Apart from getting all my existing CA examples onto the iPhone I've also been toying with what the best way to build out the 'photo city' demo from WWDC 2008 would be (my next Core Animation screen cast series). The basic idea of the demo was that you had a set of perhaps 30 or 40 images, the images were combined into cubes and the cubes were used to make a 'city'. After getting a basic cube working I got distracted by some of the stuff I did to make the demo. Namely I finally got around to porting the OpenGL trackball example code to Core Animation.
For those that are not familiar with the trackball example; the idea is that you have a transparent sphere around your scene, you can move the scene around by moving the trackball. As you move your finger to the right it pushed this imaginary sphere around its center to the right (exposing the left side of the scene).
I'm not 100% sure this is the right API to have for such an object but I was able to use it in a couple of examples for a course I'm working on. I also will be using in one of the demos for my talk at iPhone Live. So while it might not be perfect I figure its good enough to post now. Please feel free to comment with what you think would be better.
Now on to document the TrackBall class. The idea is that you have a 2D viewport into a 3D scene, this view port has a width and height (i.e. the CGRect that defines the layers bounds). In this 3D world you construct an imaginary sphere with a radius of the minimum of height or width of your view port centered on the center of your scene. When the event begins (with a touchesBegan:withEvent:) you initialize the trackball with the touches location as the starting point. A vector is constructed from the center of the sphere to the touch (the depth dimension is calculated based on the radius of the sphere). As the user moves her finger around on the screen another vector is constructed from the center of the sphere to the current touch location (as received in touchesMoved:withEvent:). The cross product of these two vectors is the vector of rotation and the angle between them is the magnitude of the rotation.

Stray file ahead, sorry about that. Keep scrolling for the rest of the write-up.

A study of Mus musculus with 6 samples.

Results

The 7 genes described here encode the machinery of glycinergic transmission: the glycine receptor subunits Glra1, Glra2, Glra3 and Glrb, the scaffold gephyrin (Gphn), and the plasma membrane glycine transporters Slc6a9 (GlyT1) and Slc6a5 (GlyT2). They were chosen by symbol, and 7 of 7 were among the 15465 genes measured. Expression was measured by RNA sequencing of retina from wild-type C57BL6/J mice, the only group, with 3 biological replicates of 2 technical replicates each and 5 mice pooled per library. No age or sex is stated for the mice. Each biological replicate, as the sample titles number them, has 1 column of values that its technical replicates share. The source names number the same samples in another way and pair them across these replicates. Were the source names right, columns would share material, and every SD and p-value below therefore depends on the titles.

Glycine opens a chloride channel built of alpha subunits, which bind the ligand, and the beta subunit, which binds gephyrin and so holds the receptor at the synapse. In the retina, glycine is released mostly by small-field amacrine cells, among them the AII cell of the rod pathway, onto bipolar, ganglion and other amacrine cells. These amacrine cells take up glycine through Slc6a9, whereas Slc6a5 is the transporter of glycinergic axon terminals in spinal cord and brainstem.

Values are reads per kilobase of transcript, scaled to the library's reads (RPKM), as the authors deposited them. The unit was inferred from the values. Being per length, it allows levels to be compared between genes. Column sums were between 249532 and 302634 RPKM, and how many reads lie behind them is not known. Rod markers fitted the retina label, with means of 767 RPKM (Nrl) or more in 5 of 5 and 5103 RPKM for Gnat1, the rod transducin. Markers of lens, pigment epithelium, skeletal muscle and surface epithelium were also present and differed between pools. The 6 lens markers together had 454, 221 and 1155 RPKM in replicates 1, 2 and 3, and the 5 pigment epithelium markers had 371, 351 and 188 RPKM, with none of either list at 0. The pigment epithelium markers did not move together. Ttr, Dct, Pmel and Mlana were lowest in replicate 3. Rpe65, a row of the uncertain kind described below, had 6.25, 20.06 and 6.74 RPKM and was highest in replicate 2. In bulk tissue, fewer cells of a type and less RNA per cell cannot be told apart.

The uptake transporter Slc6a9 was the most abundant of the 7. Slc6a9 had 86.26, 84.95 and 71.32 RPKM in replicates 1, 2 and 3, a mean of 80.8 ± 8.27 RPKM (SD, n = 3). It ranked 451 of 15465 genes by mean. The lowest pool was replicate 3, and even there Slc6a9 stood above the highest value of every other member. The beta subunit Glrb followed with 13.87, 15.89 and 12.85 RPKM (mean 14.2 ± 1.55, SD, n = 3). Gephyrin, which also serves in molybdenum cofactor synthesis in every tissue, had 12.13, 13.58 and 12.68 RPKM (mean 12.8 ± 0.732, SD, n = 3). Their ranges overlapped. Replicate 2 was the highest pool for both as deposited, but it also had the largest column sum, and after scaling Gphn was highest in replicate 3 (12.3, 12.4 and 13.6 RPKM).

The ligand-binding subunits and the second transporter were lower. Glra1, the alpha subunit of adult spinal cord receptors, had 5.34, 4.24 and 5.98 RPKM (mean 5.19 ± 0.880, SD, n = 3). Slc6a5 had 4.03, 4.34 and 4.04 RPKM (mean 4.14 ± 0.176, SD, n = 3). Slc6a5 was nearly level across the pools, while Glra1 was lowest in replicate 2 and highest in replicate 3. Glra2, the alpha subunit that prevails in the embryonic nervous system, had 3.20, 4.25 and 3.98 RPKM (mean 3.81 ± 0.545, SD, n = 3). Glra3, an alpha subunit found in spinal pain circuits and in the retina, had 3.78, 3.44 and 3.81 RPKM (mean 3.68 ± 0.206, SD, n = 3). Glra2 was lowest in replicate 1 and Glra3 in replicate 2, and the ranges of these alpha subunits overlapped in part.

Practically what all this means is that in the touchesBegan:withEvent: method you call the setStartPointFromLocation: method with the location of the touch (if you don't have multi touch turned on for the view there will be only one touch in the touches set, so you can use the anyObject method to get the touch, code to follow shortly). That initializes the trackball so it knows the first vector (from the center of the sphere to the starting point). As the user drags his finger around on the screen you call rotationTransformForLocation: to get a CATransform3D. This transform encapsulates the rotation vector and angle so you don't really have to grok it to use it (although it helps:). Next you set your layer's sublayersTransform property to this transform.
The scene contained in your layer will now rotate as if it existed in a sphere and you were moving that sphere around. Its a cool effect if you've never seen it before. If you want the trackball to remember where it is when the user picks up her finger you simply call finalizeTrackBallForLocation: with the touch location from the touchesEnded:withEvent: method. Now onto some code. Here is the code to initialize the trackball;
In this example I'm keeping the trackball and finalizing it in the touchesEnded: method (we will see that shortly). Next up I get the transformation from the trackball in the touchesMoved:withEvent: method.
Then in the touchesEnded:withEvent: method I finalize the trackball so it knows where it left off on the next event cycle.
And finally here is the code. Happy hacking!